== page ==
Yes, Blogs Are A Great Advertising Environment

I've been reading posts about how blogs are great for advertisers and how blogs reach desirable audiences.

If you're here, you likely know that I'm a founding partner of a media agency called Underscore Marketing. It's my job to know how blogs can tap into desirable audiences from an advertising perspective. I can give you some anecdotal evidence that blogs get the job done, but please know that clients are usually very skittish about talking about their online advertising publicly. (So what I'm about to say here needs to be somewhat vague.) Suffice it to say:

  • I have a client that was willing to test a blog this quarter.
  • We did.
  • Said blog kicked ass and was one of the best performers on the campaign.
  • It performed very well despite the fact that mainstream sites cover the same category, have larger audiences and have offline components (like print magazines).
  • If I had to attribute its success to something, it would likely be the dedication of the audience to said blog and the audience's trust in the blog's coverage.
  • Our next media plan for this client will include more blogs. This is driven by the success of the blog we tested, plus the desire to tap into audiences that haven't seen the client's message before.
  • We will likely renew our deal with the first blog, and possibly increase our commitment to them from a monetary perspective.

A few other things I want to mention...

There are quite a few media buyers who end up here for one reason or another. I have this message for them: If you're not considering advertising on blogs that deal with topics of interest to your clients and their target audiences, you're doing your client a disservice. Put down the @Plan runs and the MRI crosstabs for a sec and take a calculated chance for your clients. It will pay off. Relevance is one of the prime drivers of success in online advertising. Blogs have dedicated audiences that come back again and again to consume quality topical content. Your client wants to be associated with such editorial environments (or at least they should). Propose a small test with a blog, gauge its success, and you'll likely find it to perform particularly well.

Here's another thing...I like the concept behind BlogAds, but major advertisers are going to want to run larger size GIFs, Flash and rich media. My preference is to cut the deal directly with the person running the blog for an ad package that's more robust than what you can get through BlogAds. And I'm looking for something that's persistent, so that every person who visits the blog is exposed to the ad. That means sponsorships, locked-in positions on the home page, and possibly ads on every archive and story page.

Some words of advice to bloggers hoping to attract advertisers:

  • Place an "advertise" link somewhere on your homepage. Link this to a page that lists contact information for someone who can sell advertising on your blog. Make sure this isn't a submission form that sends an e-mail out to whoever is handling ad sales. Reason: When online media buyers are putting plans together, they're typically dealing with tight turnaround times (usually just a few days). When they find a site they want to advertise on, they want to get someone on the phone to discuss that possibility, asap.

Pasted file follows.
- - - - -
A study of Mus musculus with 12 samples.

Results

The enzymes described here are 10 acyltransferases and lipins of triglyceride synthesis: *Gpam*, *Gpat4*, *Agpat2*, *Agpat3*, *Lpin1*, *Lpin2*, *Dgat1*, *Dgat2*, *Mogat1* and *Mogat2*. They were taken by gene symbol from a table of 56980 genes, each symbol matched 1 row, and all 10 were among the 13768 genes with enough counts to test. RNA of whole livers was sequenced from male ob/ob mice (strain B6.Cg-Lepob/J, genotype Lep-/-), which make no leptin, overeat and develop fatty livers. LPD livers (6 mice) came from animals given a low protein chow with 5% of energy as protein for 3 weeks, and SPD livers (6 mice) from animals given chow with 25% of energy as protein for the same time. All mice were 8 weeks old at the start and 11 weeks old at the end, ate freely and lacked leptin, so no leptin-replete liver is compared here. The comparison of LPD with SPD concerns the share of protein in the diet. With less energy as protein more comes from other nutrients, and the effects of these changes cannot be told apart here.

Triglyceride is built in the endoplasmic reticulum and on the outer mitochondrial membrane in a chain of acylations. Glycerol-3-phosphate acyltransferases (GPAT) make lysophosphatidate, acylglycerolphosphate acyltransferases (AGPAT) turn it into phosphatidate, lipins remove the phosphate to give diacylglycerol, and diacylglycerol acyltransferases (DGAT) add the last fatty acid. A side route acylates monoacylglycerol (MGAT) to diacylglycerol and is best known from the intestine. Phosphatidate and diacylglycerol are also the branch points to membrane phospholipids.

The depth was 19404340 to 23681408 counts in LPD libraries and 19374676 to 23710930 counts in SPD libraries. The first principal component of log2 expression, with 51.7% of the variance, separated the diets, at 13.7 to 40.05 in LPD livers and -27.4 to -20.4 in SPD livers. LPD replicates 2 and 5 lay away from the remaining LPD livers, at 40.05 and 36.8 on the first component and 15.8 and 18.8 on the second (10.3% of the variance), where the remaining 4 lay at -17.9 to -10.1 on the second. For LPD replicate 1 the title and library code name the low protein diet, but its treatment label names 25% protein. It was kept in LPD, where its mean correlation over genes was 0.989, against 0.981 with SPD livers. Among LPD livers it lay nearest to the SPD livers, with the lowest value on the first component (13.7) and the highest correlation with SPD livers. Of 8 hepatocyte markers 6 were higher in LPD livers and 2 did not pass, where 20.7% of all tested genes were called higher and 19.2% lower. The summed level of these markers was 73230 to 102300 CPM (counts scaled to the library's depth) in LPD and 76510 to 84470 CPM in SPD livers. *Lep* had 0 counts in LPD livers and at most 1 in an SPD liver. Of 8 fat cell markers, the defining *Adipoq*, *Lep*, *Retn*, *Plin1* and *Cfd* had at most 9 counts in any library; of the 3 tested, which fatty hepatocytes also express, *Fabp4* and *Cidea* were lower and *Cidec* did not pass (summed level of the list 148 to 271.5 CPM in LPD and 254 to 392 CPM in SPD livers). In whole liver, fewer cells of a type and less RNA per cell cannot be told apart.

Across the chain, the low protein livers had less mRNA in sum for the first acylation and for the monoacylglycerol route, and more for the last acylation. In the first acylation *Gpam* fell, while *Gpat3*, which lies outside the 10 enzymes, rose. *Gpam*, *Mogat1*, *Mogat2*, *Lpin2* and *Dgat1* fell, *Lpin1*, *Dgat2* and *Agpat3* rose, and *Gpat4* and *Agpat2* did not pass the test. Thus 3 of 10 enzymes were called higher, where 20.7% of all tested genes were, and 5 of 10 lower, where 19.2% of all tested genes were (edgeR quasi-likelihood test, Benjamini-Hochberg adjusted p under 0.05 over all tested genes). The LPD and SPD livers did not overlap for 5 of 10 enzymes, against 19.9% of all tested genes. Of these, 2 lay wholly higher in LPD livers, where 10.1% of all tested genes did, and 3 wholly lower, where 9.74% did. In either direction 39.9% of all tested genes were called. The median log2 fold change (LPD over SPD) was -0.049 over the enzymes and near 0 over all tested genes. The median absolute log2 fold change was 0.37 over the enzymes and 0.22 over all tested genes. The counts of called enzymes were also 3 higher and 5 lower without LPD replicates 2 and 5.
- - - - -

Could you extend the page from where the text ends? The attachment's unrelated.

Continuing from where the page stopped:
• Know everything you possibly can about your audience. I just got an ad proposal from a blog that was absolutely terrific - It contained a snapshot of traffic growth over several months, names of companies whose executives visited the site regularly, and plenty of other statistics that painted a picture of the audience for me.
  • Know how your blog's competitors set pricing. If your blog competes in a category with non-blogs, know what their prices are (usually available on a "rate card" linked on the site itself). Advertisers tend to have a range of CPMs (Cost Per Thousand ad impressions) that they pay to reach audiences in their particular sector. If your blog is priced too high, the advertising opportunity looks less attractive to the advertiser.
  • Offer test rates. Most advertisers haven't advertised on blogs before, and they consider blogs an unproven vehicle. If you can put together small test packages, consisting of ad runs that span 2-4 weeks and cost between $2,000 and $5,000, you'll have more success attracting advertisers. And those advertisers will likely renew once they've pulled off a successful test.
  • Don't get discouraged if media buyers say no. Most media buyers are lazy. They don't want to be bothered with smaller sites that are unproven. They're so used to buying ads on the Yahoos, MSNs and AOLs of the world that they tend to ignore niche opportunities. You'll know within a couple minutes of talking on the phone whether or not you're talking to a media buyer who is interested in blog advertising. The uninterested ones will harp on "potential reach of the site" and say "your site is too small." The interested ones will ask you questions about who your site reaches, what kind of repeat traffic you get and what ad opportunities are available to reach your audience.

I think blog advertising will be a force to be reckoned with eventually, but it's going to take some time. First, blogs need to get on the radar screens of major marketers with money to spend. Then it's going to take some time for them to engage in small-scale testing before they make serious commitments. My advice to the blog community is to be patient and to keep doing what you're doing. Content truly is king, and as blogs draw more eyeballs away from mainstream news and topical sites, the dollars will follow the eyeballs.